The nomination of Dr. Ben Carson as the next U.S. Secretary of Housing and Urban Development (HUD) doesn’t have strong support among Black members of the U.S. Congress or civil rights organizations.

President-elect Trump nominated Dr. Ben Carson for HUD Secretary, a move t many in the Black community feel is wrong. (Courtesy photo

President-elect Trump nominated Dr. Ben Carson for HUD Secretary, a move t many in the Black community feel is wrong. (Courtesy photo)

On Dec. 5, President-elect Donald Trump announced Carson as his pick to run HUD, saying, “Ben Carson has a brilliant mind and is passionate about strengthening communities and families within those communities.” U.S. Sen. Tim Scott (R-S.C.), the lone Black Republican in his chamber, supported Trump’s move by saying, “If you can get a brain surgeon that wants to run housing, that’s a good idea.”

U.S. Rep. Cedric Richmond (D-La.), the newly elected chairman of the Congressional Black Caucus who will officially assume his duties in early January 2017, said picking Carson to run HUD wasn’t a wise move. “Access to affordable housing is one of the most basic building blocks of the American Dream,” Richmond tweeted on Dec. 5. “HUD plays a crucial role in expanding access. Not only is Ben Carson unqualified to run HUD, his ideas around fair housing are destructive to communities around the country.

“In an administration led by a known housing discriminator, HUD is more important than ever. Ben Carson is an unacceptable choice.”

While Richmond has voiced his concerns, the CBC hasn’t voted to oppose the Carson nomination at this time. U.S. Sen. Cory Booker (D-N.J.) and Sen.-elect Kamala Harris (D-Calif.), who will vote on Carson’s confirmation, haven’t expressed an opinion on the matter yet.

Carson is Trump’s first high profile Black selection to his Cabinet. Trump and Carson ran against each other for the Republican Party presidential nomination earlier this year and when Carson withdrew from the race he immediately endorsed Trump. Even so, Trump’s offer is not the first time Carson has been approached by U.S. presidents for high-level government positions.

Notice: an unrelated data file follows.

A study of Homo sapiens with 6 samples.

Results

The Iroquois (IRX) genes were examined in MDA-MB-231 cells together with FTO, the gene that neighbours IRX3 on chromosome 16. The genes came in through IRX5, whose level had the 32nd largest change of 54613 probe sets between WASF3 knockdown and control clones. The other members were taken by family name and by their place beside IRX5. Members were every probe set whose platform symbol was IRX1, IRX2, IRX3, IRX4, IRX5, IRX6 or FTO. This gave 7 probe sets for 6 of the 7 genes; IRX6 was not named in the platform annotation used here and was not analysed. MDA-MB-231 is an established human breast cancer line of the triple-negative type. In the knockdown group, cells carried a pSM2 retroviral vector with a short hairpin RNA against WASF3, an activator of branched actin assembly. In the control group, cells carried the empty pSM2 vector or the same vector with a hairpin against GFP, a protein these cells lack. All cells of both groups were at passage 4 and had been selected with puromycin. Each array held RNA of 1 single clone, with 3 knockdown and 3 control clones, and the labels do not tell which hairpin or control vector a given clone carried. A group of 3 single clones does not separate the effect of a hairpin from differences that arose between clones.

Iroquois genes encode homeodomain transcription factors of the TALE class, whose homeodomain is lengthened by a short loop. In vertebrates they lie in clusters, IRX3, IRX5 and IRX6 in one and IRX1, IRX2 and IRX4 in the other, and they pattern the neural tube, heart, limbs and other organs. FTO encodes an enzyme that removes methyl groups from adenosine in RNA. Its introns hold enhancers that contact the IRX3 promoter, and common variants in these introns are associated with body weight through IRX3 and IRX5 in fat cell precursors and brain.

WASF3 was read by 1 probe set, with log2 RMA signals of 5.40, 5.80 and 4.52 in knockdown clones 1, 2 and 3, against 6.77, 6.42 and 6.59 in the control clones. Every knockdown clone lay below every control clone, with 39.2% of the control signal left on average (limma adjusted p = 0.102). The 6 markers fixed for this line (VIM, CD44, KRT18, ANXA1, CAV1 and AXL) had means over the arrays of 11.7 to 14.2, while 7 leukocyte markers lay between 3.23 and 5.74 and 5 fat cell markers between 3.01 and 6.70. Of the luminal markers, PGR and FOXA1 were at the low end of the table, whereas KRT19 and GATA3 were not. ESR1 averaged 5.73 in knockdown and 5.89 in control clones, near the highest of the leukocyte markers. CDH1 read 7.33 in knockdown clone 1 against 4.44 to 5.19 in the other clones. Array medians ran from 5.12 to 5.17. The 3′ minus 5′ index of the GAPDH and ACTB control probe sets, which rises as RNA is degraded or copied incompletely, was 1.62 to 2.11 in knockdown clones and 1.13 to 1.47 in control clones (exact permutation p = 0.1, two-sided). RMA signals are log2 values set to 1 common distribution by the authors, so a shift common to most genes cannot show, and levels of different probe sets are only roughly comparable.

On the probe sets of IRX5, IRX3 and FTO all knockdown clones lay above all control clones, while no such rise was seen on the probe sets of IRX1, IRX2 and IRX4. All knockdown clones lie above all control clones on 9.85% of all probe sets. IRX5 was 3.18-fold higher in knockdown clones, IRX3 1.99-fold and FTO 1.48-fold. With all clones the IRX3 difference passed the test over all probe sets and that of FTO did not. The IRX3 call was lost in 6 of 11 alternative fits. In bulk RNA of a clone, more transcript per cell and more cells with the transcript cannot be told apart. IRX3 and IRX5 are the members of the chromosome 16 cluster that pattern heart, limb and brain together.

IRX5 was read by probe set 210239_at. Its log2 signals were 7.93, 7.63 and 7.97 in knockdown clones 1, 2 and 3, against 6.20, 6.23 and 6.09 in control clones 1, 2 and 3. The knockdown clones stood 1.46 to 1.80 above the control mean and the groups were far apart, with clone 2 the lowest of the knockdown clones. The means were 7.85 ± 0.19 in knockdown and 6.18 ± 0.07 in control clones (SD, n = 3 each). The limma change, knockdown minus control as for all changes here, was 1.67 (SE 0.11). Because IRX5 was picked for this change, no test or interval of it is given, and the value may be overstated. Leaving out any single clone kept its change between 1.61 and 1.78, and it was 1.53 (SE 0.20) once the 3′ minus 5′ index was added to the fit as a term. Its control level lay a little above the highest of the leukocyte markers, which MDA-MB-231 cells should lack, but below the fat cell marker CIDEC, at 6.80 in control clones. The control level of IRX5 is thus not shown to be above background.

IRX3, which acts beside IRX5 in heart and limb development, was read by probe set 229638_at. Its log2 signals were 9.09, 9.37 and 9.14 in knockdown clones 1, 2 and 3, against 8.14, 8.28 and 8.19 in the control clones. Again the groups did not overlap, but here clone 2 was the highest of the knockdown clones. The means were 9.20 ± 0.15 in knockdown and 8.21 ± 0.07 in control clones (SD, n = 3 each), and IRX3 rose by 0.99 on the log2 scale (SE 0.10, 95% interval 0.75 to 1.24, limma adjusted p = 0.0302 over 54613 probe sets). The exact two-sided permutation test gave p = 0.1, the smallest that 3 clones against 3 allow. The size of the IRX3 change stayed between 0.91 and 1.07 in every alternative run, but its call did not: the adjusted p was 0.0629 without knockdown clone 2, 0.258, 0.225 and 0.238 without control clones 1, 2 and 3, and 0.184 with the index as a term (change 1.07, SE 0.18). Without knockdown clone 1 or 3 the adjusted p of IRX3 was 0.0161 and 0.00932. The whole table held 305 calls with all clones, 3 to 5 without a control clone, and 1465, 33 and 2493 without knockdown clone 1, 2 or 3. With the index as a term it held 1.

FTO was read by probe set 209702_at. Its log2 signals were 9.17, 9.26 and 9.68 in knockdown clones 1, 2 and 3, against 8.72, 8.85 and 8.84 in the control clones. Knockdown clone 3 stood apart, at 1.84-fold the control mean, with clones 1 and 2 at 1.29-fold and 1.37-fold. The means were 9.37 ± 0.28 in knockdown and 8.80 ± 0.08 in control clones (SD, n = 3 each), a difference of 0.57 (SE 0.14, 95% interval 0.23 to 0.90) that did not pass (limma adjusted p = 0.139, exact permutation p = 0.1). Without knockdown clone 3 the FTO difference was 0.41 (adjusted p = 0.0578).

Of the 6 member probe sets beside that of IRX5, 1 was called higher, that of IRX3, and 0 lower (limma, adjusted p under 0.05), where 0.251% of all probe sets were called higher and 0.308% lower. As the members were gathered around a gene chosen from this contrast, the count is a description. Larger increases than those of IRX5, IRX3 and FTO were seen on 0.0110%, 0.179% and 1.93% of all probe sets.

Both President George W. Bush and President Obama offered Carson the position of U.S. Surgeon General. He declined both offers and later parted with Obama at a National Prayer Breakfast speech on Feb. 7, 2013, criticizing the president’s health care policies.

Baltimore City Council member John Bullock (D-District 9) told the {AFRO} that he was surprised that Carson was selected to lead HUD. “He made it clear that he didn’t have the type of experience needed to run a government agency a few weeks ago,” Bullock said. “He doesn’t have a track record on housing and therefore he is unqualified for the job.”

Bullock said Trump’s selection of Carson because he allegedly lived in public housing during his youth is “racially insensitive.” Besides, Bullock said, Carson would be better suited for surgeon general or secretary of Health and Human Services because of his professional background.

Rep. Elijah Cummings (D-Md.) is troubled by the Carson nomination, echoing Bullock’s sentiments. “During his time in Baltimore, Dr. Ben Carson was a phenomenal neurosurgeon but he has no experience developing housing policy affecting tens of millions of households or running a complex federal agency, as his own spokesman admitted last month,” Cummings said. “Mr. Trump said during the campaign he would support working-class Americans but his appointments made it clear he intends nothing of the sort.”

Wade Henderson, president and CEO of the Leadership Conference on Civil and Human Rights, said on Dec. 6 that Carson’s nomination is “baffling and troubling to the civil and human rights community.”

“He is on record for opposing recent housing desegregation efforts under the Fair Housing Act of 1968, one of the nation’s most important civil rights laws,” Henderson said. “The failure to ensure Fair Housing Act compliance was a major contributing factor to the 2008 housing crisis, and we are concerned that Dr. Carson will attempt to roll back, or allow Congress to roll back with even more lasting consequences, the important progress that has been made in recent years. We urge President-elect Trump to reconsider this nomination and to select a nominee who is dedicated to promoting fair, affordable, and sustainable housing free from discrimination.”

If confirmed, Carson would be the third Black Republican to be secretary of HUD after Samuel Pierce during the Reagan administration and Alphonso Jackson serving under George W. Bush. The first secretary to lead HUD was Robert Weaver, a Black man appointed by President Lyndon B. Johnson and served from 1966-1968.